Mission of Mercy Changes Lives One Dental Procedure At A Time

By Tania Soussan

The last time Dr. Christopher Morgan volunteered at a Mission of Mercy dental clinic, his first patient of the day was a Navajo Nation teenager who had lost eight front teeth after being hit by a drunken driver. The boy’s family wasn’t able to afford the dental work to replace his teeth, so he had taken to wearing a mask.

On that fall 2022 day in Farmington, Morgan and his team made impressions of the boy’s mouth and crafted him “flipper teeth,” a partial denture that can be long-lasting but that’s not intended as a permanent solution.

“Around 10 or 11 in morning, he had teeth for the first time in two years,” Morgan recalled. “The kid could finally go to school and smile at his friends.”

The New Mexico Mission of Mercy is a free two-day clinic providing high-quality dental and medical services to people who cannot access or afford dental care. This event is a program of the New Mexico Dental Association Foundation and operated completely by volunteers with donated supplies and other necessities. Over the past 13 years, clinics in Las Cruces, Albuquerque, Farmington and Rio Rancho have given $9 million in free treatment to 11,000 patients.

The next event is scheduled for April 26 and 27 at the Santa Fe Community Convention Center. About 100 dentists will give their time, and dental students will provide patient education. Organizers also are looking for about 800 community volunteers to help with set-up, tear-down, and check-in, to escort patients, act as translators, help with security and parking, and serve food to the other volunteers, Morgan said. Volunteers serve in four, six-hour shifts and should sign up by April 9. No special skills are required, but only adults are allowed within the clinical areas; there are also roles for those under 18. For more information about the clinic and to sign up to volunteer, go to nmdentalassociationfoundation.org and click on Events.

Morgan, who is co-chair of the event and owner of Morgan Dentistry in Santa Fe, hopes to serve 1,500 patients and provide $1 million worth of free treatment. The last event in Santa Fe, held in 2016, served 1,200 patients.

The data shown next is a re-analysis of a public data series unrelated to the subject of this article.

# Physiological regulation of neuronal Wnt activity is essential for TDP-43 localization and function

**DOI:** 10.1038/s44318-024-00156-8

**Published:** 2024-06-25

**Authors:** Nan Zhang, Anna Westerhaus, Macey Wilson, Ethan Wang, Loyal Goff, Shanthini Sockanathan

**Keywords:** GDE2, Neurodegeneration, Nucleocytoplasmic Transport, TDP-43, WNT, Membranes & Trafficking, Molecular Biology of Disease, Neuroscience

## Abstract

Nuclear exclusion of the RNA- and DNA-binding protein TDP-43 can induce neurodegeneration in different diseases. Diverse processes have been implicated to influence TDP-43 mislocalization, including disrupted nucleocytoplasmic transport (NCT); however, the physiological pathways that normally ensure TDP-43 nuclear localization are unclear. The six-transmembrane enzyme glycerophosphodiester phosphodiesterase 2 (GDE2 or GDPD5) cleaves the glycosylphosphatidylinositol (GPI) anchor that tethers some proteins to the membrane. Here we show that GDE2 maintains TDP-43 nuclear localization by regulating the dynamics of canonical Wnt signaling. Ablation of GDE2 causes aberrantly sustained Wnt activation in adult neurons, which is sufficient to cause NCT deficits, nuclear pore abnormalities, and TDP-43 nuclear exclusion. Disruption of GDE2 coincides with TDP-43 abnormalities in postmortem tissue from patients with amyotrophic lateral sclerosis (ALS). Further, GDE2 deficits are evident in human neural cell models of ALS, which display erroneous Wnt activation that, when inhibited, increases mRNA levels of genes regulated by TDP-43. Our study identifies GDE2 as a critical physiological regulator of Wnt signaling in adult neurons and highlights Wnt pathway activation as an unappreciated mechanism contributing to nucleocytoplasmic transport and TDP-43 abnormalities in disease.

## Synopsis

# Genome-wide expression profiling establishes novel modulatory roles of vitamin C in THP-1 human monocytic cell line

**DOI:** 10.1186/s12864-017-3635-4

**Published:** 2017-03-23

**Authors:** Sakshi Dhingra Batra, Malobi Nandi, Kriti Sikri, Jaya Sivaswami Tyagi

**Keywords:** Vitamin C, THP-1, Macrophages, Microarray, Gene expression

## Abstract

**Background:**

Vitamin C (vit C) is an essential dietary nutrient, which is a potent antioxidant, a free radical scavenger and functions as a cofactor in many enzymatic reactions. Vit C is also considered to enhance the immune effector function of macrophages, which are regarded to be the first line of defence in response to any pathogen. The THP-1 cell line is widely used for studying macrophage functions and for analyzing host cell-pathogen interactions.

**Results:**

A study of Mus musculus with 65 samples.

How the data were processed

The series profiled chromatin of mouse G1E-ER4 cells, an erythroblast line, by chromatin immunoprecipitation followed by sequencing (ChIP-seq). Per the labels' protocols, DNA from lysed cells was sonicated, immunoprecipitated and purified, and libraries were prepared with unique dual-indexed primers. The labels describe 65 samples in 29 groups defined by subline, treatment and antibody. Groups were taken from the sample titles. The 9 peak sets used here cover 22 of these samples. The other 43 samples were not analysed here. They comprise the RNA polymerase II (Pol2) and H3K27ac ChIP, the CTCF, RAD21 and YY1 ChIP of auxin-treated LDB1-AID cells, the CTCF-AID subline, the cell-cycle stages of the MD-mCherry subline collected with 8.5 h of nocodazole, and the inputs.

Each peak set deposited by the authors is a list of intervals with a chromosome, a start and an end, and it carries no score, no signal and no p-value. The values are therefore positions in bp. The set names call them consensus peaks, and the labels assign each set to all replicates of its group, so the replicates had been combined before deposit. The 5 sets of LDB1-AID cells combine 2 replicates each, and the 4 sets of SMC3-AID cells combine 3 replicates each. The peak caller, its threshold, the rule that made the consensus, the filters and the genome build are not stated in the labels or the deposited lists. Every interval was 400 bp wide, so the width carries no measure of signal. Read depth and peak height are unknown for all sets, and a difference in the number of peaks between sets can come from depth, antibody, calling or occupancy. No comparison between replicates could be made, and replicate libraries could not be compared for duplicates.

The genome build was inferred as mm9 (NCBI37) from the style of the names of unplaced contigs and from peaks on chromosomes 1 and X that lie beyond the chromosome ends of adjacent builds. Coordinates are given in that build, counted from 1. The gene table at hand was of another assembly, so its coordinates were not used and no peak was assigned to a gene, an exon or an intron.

“We do 30 complete dentures. We make probably 100 temporary flippers. If we pull a front tooth, we replace the front tooth,” Morgan said, adding that the dentists also do lots of extractions, root canals, crowns, fillings and cleanings.

This year, physicians will be on hand for medical evaluations when necessary and to help control blood pressure, diabetes and other conditions for medically compromised people who need dental work.

“As a dentist I have a private practice. I rely upon my community, my workforce, my patients. It’s pretty easy for me to give back something,” Morgan said. “It’s my chance to help.”

While Morgan focuses on raising the nearly $300,000 in tax-deductible donations and in-kind contributions needed to cover expenses for dental equipment and supplies, medications, facility rental and food, co-chair Kelley Hollingsworth Ryals is handling the logistics.

“It’s a big undertaking, but it’s worth it,” she said, adding that New Mexico has one of highest Medicaid rates in country and is one of most underserved states for dental care.

Although most patients are in their 50s or older, there will be a large pediatric dentistry area. Free childcare will be available so that parents and other caregivers can be treated.

Some patients wait for the clinic to roll around every 18 to 24 months for their dental work. Some have been in pain for years. Others have major infections and don’t even know it or abscesses that could lead to a heart attack or stroke if left untreated, Ryals said.

Although the line moves quickly, some patients start queuing on Thursday night to get in early Friday morning because the clinic is first-come, first-served. One person took an eight-hour bus ride from Santa Rosa to get to the Farmington clinic, Ryals said.

She also has seen homeless children and a police officer who had dental insurance but still couldn’t afford to pay his part of the care he needed.

“These are our normal day-to-day blue-collar families,” she said. “People who literally work their tails off five, six days a week, have a family, don’t qualify for Medicaid. … That’s who the event is geared toward — people who don’t think there’s any other solution.

“We don’t ask for any money. … We don’t want to know where you come from. We’re just here to help with open arms.”